I am asking "how the initial turn-on transient decays into the steady
state where the voltage "over both arms" is equal to the battery
This question is likely best approached in the context of transmission line theory where we actually study such transients. In 'ordinary' (ideal) circuit theory, we use the lumped element model and make certain assumptions such that Kirchhoff's circuit laws hold (to good approximation).
But if you look at the turn-on transient at high enough resolution, you see that the battery initially doesn't 'see' the resistors at the 'far' end of the circuit but, rather, some characteristic impedance that is a function of the geometry of the circuit and connecting wires etc.
(The following will necessarily omit some finer points for the sake of clarity of exposition.)
That is, at turn-on, a 'wave' is launched from the battery 'down' the connecting wires towards the resistors. There is both a voltage wave and a current wave. At this point, the ratio of the voltage and current is determined by the characteristic impedance rather than the parallel connected resistors.
This wave propagates with speed $u \lt c$ and, upon reaching the first resistor, is (generally) partially reflected (back towards the battery) and partially transmitted (towards the second resistor).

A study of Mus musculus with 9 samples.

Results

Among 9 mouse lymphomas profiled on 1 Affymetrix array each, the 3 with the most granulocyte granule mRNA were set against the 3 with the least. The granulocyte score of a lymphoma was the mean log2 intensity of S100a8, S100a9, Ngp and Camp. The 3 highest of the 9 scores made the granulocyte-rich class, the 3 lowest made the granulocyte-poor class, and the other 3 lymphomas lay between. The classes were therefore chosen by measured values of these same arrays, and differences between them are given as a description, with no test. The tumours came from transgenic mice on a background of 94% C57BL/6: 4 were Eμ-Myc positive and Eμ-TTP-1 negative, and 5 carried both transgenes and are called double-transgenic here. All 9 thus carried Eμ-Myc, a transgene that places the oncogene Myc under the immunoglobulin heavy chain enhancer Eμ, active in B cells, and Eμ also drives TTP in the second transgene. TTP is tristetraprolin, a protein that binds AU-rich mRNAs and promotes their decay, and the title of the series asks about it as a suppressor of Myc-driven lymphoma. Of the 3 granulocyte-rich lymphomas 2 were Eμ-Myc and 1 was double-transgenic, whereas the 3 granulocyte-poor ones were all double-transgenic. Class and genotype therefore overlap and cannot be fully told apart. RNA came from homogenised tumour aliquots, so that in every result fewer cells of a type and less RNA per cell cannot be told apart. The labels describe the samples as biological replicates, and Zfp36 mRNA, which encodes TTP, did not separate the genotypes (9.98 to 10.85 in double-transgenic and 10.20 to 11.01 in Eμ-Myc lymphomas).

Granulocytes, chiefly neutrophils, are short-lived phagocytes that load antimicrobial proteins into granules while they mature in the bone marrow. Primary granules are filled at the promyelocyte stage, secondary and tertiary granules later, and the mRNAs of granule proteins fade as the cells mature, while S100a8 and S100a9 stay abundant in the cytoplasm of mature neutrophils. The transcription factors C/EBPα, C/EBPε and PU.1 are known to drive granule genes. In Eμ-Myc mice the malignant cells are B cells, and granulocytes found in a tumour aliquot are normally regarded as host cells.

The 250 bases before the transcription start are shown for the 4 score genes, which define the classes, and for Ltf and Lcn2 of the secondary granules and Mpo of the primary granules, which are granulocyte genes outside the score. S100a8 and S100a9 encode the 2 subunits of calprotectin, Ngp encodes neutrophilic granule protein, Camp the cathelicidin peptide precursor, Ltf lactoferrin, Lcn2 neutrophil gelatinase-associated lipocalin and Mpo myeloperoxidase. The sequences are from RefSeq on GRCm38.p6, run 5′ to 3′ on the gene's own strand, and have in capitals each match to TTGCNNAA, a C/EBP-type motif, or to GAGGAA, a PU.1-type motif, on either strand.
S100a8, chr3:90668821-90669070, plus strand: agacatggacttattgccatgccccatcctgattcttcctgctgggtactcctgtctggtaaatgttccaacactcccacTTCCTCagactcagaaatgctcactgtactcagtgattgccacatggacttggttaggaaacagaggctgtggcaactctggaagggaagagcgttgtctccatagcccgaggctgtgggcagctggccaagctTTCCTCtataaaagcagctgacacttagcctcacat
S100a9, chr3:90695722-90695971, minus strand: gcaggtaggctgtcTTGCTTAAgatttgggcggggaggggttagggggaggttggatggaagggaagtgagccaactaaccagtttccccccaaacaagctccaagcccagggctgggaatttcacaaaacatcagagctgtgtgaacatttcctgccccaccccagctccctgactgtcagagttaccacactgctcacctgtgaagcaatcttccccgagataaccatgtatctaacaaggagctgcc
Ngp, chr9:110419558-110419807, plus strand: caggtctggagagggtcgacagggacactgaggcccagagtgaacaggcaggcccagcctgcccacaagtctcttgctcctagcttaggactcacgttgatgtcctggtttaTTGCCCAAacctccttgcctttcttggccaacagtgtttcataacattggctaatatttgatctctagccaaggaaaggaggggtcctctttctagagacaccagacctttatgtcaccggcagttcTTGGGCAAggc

The partially transmitted wave propagates to the second resistor where it is partially reflected (back towards the first resistor) and partially transmitted (towards a third resistor if it exists etc.)
The partially reflected wave from the second resistor propagates back to the first resistor where it is partially reflected (back towards the second resistor) and partially transmitted (towards the battery).
So, after a while, there is this superposition of many counter-propagating waves from the multiple transmissions and reflections. The voltage and current associated with each wave individually are related by the characteristic impedance however, the total voltage and current due to these is (quite remarkably) the steady state solution for the circuit.
If it helps, here's a more or less standard transmission line transient analysis to model high-speed switching response:
See how the source and load voltages are not the same initially but eventually converge as the multiple reflections superpose to the steady state solution.